Towers Watson Merger Continues To Pay Dividends
Human resources consultant Towers Perrin Forster & Crosby merged with rival Watson Wyatt Worldwide back in January 2010. Economic uncertainty prompted the two firms to come together in an effort to reduce costs and compete more effectively with the likes of Mercer, a subsidiary of Aon Corporation (NYSE:AON), and Hewitt Associates, itself part of Marsh & McLennan (NYSE:MMC). Two years later, business looks great and so does its stock. (For more, see Earning Forecasts: A Primer.)
Towers Watson (NYSE:TW) announced strong second quarter earnings February 6. The highlight being the net operating income (NOI) margins of all three business segments. The benefits division, its largest, achieved net operating income of $162.3 million on $475.5 million revenue. That's a NOI margin of 34.1%, 360 basis points (BPS) higher year over year. Even more impressive is the 850 BPS improvement to 33% by its Talent and Rewards segment, nearly matching the NOI margins of its largest division. Sandwiched in between was the Risk and Financial Services segment, which delivered an NOI margin of 26.3%, 510 BPS higher than in the second quarter of 2010. The trio of improvements led to an overall NOI margin of 32%, a 480 BPS improvement. The merger was about reducing costs and improving its ability to compete. Bottom- and top-line improvements, in both its three-month and six-month numbers, is a clear indication the merger is working and the integration is not yet complete.
At a time when companies like Caterpillar (NYSE:CAT) are making record profits and still managing to toss workers out on the street for not accepting 50% pay cuts, it's gratifying to know that Towers Watson takes a far more egalitarian view of employee compensation. Happy employees make better employees. If you take a look deep in the 10-Q, you'll see that it increased base salaries in the first six months of fiscal 2012 by 4%. How many people can say they got a 4% pay increase in 2011? I doubt very many. On top of that, it paid out $185 million in bonuses, which is about 19% of its total spending for salaries and benefits. Having made these points, I'm not suggesting life is perfect at the benefit consultant. According to its 10-K, its employee savings plan has a 100% match on the first 2% of pay and a 50% match on the next 4% of pay. That's decent, but the company's contributions don't vest for two years. Caterpillar, on the other hand, matches 100% of the first 6% of pay and their contributions vest immediately. So, not all is bad at Big Yellow. However, given Towers Perrin pays out 19% of salaries and benefits for year-end bonuses, I can let the savings deficiency slide. On a 50,000 annual salary, a Towers Watson employee would receive a $3,000 annual matching contribution under the Caterpillar plan. Under the Towers Watson bonus plan, that same employee could conceivably receive as much as $9,000 and then another $2,000 for the savings plan. In the end, the Towers Watson employee is better off financially than most, and while money isn't everything, it certainly helps.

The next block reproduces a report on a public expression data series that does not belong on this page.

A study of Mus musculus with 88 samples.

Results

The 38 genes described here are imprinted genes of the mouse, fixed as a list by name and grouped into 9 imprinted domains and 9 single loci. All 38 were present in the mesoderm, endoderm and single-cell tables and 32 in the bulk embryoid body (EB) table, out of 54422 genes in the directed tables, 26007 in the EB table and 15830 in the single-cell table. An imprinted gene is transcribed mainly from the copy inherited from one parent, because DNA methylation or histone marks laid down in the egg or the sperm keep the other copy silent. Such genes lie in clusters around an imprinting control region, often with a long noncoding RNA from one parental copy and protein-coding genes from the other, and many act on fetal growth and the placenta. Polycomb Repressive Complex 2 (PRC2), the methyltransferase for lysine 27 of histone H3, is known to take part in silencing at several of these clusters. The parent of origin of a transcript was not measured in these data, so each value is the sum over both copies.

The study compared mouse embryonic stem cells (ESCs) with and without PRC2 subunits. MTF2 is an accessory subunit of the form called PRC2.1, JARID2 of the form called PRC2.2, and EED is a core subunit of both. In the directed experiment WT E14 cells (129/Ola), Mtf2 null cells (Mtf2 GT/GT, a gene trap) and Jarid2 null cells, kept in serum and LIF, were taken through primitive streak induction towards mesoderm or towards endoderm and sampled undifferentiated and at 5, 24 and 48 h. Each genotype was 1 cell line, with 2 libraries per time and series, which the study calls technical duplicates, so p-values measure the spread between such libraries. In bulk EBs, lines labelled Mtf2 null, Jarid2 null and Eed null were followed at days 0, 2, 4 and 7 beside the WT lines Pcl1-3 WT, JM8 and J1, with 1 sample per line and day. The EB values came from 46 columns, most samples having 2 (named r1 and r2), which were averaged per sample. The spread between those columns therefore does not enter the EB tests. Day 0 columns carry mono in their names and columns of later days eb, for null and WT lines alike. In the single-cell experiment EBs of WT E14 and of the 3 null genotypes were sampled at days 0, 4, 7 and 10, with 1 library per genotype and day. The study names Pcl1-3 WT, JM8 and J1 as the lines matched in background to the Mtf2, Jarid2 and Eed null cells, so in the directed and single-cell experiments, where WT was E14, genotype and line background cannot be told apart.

The Bottom Line
Although I haven't spent any time discussing Towers Watson's stock price or valuation metrics, it doesn't mean I haven't thought about those things. It's just that I don't think they'll matter if the company continues to execute on its post-merger plan for winning business. Furthermore, if it continues to look after its employees, its stock price will be higher in six months' time, six months after that and so on for some time to come. (For additional reading, check out 5 Must-Have Metrics For Value Investors.)